The last recipe for the canning group today came from the new Better Home and Garden Can It! cookbook. The recipes include many from the BHG Canning Magazine from last summer with some new recipes and some great pictures not previously previewed.
Once the recipe is reduced it will mound on your spoon and will be an amazing pair for cheese platter, bruschetta, and an upscale sauce for burger or steak. The recipe below is an adaptation of the original to upgrade for safe canning practice.
Balsamic Cherry Tomato Caramelized Onion Conserve
- 2 T. olive oil
- 2 pounds sweet onions (3 large, quartered and thinly sliced)
- 1 t. sugar
- 4 cups halved cherry or grape tomatoes (measure after halving)
- 3/4 cups honey
- 1/4 cup balsamic vinegar
- 1/2 t. freshly ground black pepper
- Prepare 8 half pint jars, lids, and rings. Sterilize the jars and keep them in the hot water till its time for processing. Make sure to fill your water bath canner and get the water to a simmer.
- In a large skillet or enameled dutch oven add oil, onions, and sugar. Cook covered for 13 to 15 minutes on low heat, stirring occasionally until onions are tender.
- Uncover and cook on medium until onions are golden brown.
- Stir in the cherry tomatoes and honey to the onions. Bring to a boil over medium heat for 5 minutes or until the tomatoes are soft, stirring often until thick enough to mount on a spoon. Remove from heat add balsamic and pepper.
Filling the jars:
- On a dishtowel place your hot jars and using your funnel in each jar ladle the mixture into the jars leaving 1/4” headspace. Remove air bubbles and refill to the proper headspace if necessary.
- Taking a clean papertowel wet it with warm water and wipe the rims of the jars removing any food particles that would interfere with a good seal.
- Using your magic wand extract the lids from the hot water and place them on the now cleaned rims. Add your rings to the tops of each of the jars and turn to seal just "finger tight".
- Make sure your rack is on the bottom of the canner and place the jars in the water bath making sure that the water covers each of the jars by 1 to 2 inches. Add hot water to the canner if it doesn't measure up.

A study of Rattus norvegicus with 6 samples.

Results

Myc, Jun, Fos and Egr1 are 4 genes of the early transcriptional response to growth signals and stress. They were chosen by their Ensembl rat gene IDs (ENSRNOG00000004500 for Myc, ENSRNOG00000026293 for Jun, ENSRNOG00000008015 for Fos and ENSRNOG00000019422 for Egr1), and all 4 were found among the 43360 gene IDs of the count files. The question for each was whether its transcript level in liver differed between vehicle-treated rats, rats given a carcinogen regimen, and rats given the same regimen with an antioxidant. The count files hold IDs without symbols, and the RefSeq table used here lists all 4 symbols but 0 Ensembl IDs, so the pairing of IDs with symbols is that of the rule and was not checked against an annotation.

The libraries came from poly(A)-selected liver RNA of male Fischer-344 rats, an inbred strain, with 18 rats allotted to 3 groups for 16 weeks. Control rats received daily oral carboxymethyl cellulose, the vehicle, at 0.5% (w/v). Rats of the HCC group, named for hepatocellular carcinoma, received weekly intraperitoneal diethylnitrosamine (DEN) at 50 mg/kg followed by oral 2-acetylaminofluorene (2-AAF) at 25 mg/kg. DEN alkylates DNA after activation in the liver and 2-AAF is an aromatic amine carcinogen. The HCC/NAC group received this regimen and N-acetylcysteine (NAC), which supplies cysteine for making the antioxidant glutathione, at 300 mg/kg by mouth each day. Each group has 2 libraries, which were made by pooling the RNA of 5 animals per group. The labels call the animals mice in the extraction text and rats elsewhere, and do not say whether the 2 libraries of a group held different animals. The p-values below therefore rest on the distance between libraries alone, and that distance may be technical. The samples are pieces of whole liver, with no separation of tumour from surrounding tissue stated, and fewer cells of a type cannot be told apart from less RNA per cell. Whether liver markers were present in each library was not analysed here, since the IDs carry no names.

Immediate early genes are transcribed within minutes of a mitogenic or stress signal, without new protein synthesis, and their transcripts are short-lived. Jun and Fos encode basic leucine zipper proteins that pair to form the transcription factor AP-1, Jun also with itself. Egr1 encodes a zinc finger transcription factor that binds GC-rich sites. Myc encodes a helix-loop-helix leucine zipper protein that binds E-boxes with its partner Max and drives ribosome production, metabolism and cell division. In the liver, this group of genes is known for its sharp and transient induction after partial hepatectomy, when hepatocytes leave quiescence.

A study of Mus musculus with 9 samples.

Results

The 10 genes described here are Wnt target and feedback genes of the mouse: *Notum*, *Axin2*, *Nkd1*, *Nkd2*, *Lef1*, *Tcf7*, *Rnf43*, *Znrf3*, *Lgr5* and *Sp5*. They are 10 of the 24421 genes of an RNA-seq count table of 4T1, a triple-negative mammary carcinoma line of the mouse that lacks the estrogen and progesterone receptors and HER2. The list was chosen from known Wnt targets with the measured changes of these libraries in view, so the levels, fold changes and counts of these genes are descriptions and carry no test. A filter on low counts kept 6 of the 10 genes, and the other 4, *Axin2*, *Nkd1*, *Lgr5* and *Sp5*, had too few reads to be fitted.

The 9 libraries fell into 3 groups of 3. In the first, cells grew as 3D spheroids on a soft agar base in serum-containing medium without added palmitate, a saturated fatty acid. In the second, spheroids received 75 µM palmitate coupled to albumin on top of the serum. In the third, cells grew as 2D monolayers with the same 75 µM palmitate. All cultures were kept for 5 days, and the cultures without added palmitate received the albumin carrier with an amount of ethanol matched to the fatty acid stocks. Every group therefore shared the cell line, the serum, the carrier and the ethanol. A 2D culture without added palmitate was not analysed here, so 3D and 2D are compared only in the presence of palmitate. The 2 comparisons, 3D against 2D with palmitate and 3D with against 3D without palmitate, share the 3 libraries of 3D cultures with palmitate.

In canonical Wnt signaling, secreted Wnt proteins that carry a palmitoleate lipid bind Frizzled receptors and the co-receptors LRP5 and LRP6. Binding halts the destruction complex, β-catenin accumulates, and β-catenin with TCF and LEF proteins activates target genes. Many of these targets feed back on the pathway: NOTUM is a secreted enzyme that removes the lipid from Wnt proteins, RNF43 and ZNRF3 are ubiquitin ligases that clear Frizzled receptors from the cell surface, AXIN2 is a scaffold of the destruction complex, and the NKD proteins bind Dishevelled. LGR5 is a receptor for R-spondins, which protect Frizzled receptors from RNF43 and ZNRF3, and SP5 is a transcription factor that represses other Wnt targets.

- Cover the pot and turn up the heat under the canner and wait for the water to start boiling. Once the water has come to a boil start your timer for 10 minutes.
- When complete turn off the heat and remove the cover and let the jars sit for another few minutes.
- Remove the jars and place them back on the dishtowel in a place that they will sit overnight to cool. Do not touch or move them till the next morning.
- Some time in the next hour your jars will be making a "pinging" or "popping" noise. That is the glass cooling and the reaction of the lids being sucked into the jar for proper sealing. Some recipes may take overnight to seal. Check your lids and reprocess any jars that did not seal.
Judy EvansPosted on: March 24, 2020
This is delicious! But I found the measurements to be way off. I had enough cherry and grape tomatoes to make 1 and a half recipes generously (6 heaping cups sliced tomatoes), and multiplied all ingredients accordingly. Should have ended up with 12 half pints, but barely got 6, with 1/2 inch head space. I’m sure we’ll enjoy this recipe in many ways!
PennyPosted on: March 24, 2020
I have this recipe in the BH magazine but noticed it also has 2 t sea salt in the recipe. Was this omitted on purpose for an improvement in flavour?
Kim HurrenPosted on: March 24, 2020
That is not enough vinegar for even plain tomatoes which require 1T per 1/2 pint. Unfortunate as this looks delicious
ben perkinsPosted on: March 24, 2020
I yielded 4 half pints and went heavy heaping each measurement. However delicious I look forward to trying over a pork tenderloin. Just trying to use up tomato’s lol
KeriPosted on: March 24, 2020
Is there any safety concerns for canning since this contains olive oil? Also is the acidity high enough with just the 1/4 c balsamic? I didn’t think to add any citric acid until they were already in the canner.
Mama LenaPosted on: March 24, 2020
I made this recipe a few years back.
When I tasted the final product right after I canned it, I thought it was just awful. I was very upset that I spent a lot of time and energy making something that I thought was yucky.
I didn’t have the courage to throw it out though, and I kept it in my pantry. Fast forward eight-ish mnths and holey moley … this stuff is awesome! It obviously needed time for the flavors to meld. Wow is it good!
I used it on a couple of charcuterie boards and I received requests for jars of the stuff!
This year? They’ll be Christmas gifts. Great recipe!